Jun 21, 2015

The Cardboard Fort...

H.S.Barney Co. in 1937
In my home town of Schenectady, New York, there were three substantial department stores -- The Carl Company, Wallace's Department Store, and the H.S. Barney Company.  This was in the 1940's.  There was full employment because of war production at both ALCO and General Electric.  All three stores had thriving toy departments, but the best of the three was Barney's.  Toys were on the fourth floor.  And Miss Mayer, the department manager, always ordered the right stuff.  We, the Mead children, loved to go visit Miss Mayer.

A similar cardboard fort
My brother Bill was about 6 years old when he saw the CARDBOARD FORT at the Barney's toy department.  It was close to Christmas.  He hinted to my parents about how much he needed that fort, but he couldn't be positive that they understood its importance.  Then he had his stroke of genius.  He'd buy the fort and give it to my mother for Christmas.  She wouldn't have the time to play with a fort.  She'd most certainly give it back to Bill with her thanks for such a lovely gift.  And thus was born the Mead Family Tradition of the CARDBOARD FORT.

Whenever someone in the family wanted something special for some occasion, we'd simply buy it for another family member.  They would express delight over their "cardboard fort!"

I had shared this story with Mary Ann not long ago.  Today, Lo and Behold, I received a cardboard fort from Goldie, my Golden Retriever, as a Father's Day gift!  I opened a large bag and retrieved a gun that launches tennis balls, then a bag of tennis balls, then a chew toy, then another, and then some smoked chew bones, and a large ball with a rope strung through it, and then some Greenie teeth cleaning snacks!  Just what I had hoped for -- my very own cardboard fort!

One really cool gift I received is a "Selfie Stick."  Here's a picture of my cardboard fort loot taken with the stick...

Jun 7, 2015

The Lukes

703 Union St. in Schenectady -- The last residence of the Luke family
One of the questions that I find myself asking over the years is how my parents and some of their friends initially met.  One couple with whom they were quite close were Alan and Corinne Luke, and I have never known how the Lukes and Meads became acquainted.  Alan in particular had a significant influence on my brother, as he had attended and played football at the Naval Academy, had served in the navy during World War II, and introduced both my brother Bill and me to the Naval ROTC scholarship program.  We both applied for and were awarded Navy scholarships due to "Uncle" Alan's influence.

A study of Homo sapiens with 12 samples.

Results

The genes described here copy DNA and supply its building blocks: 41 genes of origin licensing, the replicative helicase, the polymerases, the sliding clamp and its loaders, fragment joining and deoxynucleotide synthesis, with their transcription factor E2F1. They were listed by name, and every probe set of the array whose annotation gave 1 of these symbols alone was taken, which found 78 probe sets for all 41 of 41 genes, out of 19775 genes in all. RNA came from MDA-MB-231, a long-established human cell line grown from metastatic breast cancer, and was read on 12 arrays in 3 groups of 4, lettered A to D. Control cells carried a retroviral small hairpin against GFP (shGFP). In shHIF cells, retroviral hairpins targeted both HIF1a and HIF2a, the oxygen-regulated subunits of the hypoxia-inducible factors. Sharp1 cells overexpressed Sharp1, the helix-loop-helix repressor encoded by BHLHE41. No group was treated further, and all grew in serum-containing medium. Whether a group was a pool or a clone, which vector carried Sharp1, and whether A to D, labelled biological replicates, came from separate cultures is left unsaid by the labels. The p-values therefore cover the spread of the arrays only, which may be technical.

My recollection is that the Lukes had two children, a daughter, Helen, who passed away at a rather young age, and a son, whose name I believe was Richard.  Alan had left the Naval Academy because he had become convinced that the Washington Arms Conference had pretty much eliminated the possibility of future naval wars.  He had somehow associated with the Reporter Press, a legal printing firm located in Walton, New York, and was a very successful sales representative.  He was extremely personable and never met a stranger.

Both Alan and Corinne were active in animal protective organizations.  For several years, they both served as honorary directors of Animal Protective Services of Schenectady, Inc.  All the time I remember visiting them, they had standard poodles -- first a black male named "Java," and later one of Java's offspring, another male named "Javert." (Named for the police inspector in Victor Hugo's Les Miserables, who becomes, over the course of the novel, obsessively concerned with the pursuit and punishment of the escaped convict Jean Valjean.)

Uncle Alan was an individual whom I would describe as a "binge student."  He would develop an interest in some narrow subject and obsessively study it for months.  Some of these topics included the British Royal Family and the Civil War.  I recall him and my sister Ann discussing the finer points of the Royal Family for hours.  His interest in the Civil War led to a months-long trek during which he toured dozens of historic sites and battlefields with Aunt Corinne during the Civil War centennial years 1961-65.  When I was in college at Rochester, I always looked forward to visiting the Lukes when I would return home.  I could always count on a scintillating conversation, tips on good books to read, insight into current events, and a few stout beverages.

Uncle Alan had a superb sense of humor and loved practical jokes.  He and my mother incessantly played jokes on each other.  He even trained the dogs (He called them "the boys.") to participate in some of his antics.  On one occasion, during a cocktail party with some of Corinne's most distinguished friends, Javert descended the stairs with a bra in his muzzle.  We all knew who trained him in this "retrieval."  Once, when I was visiting, Uncle Alan dropped a bottle of gin, which smashed on the tile floor.  Without hesitation, he said, "Quick, Corinne, bring the vermouth!"

There is an ultimate cosmic connection with regard to the Lukes.  Corinne passed away in 1972.  Many times in this blog, I have mentioned the Gardners, "Pink" and Eleanor, who were another couple in my parents' social circle.   Uncle Pink had passed away in 1969.  As fate would have it, Alan Luke eventually started dating Eleanor Gardner.  They married a couple of years later.  Alan died of cancer in 1976.  I visited Eleanor in about 1984.  She shared a lovely thought.  She said, "I'm a very lucky woman, Bob.  I had the privilege of being married to two of the most wonderful men who ever lived."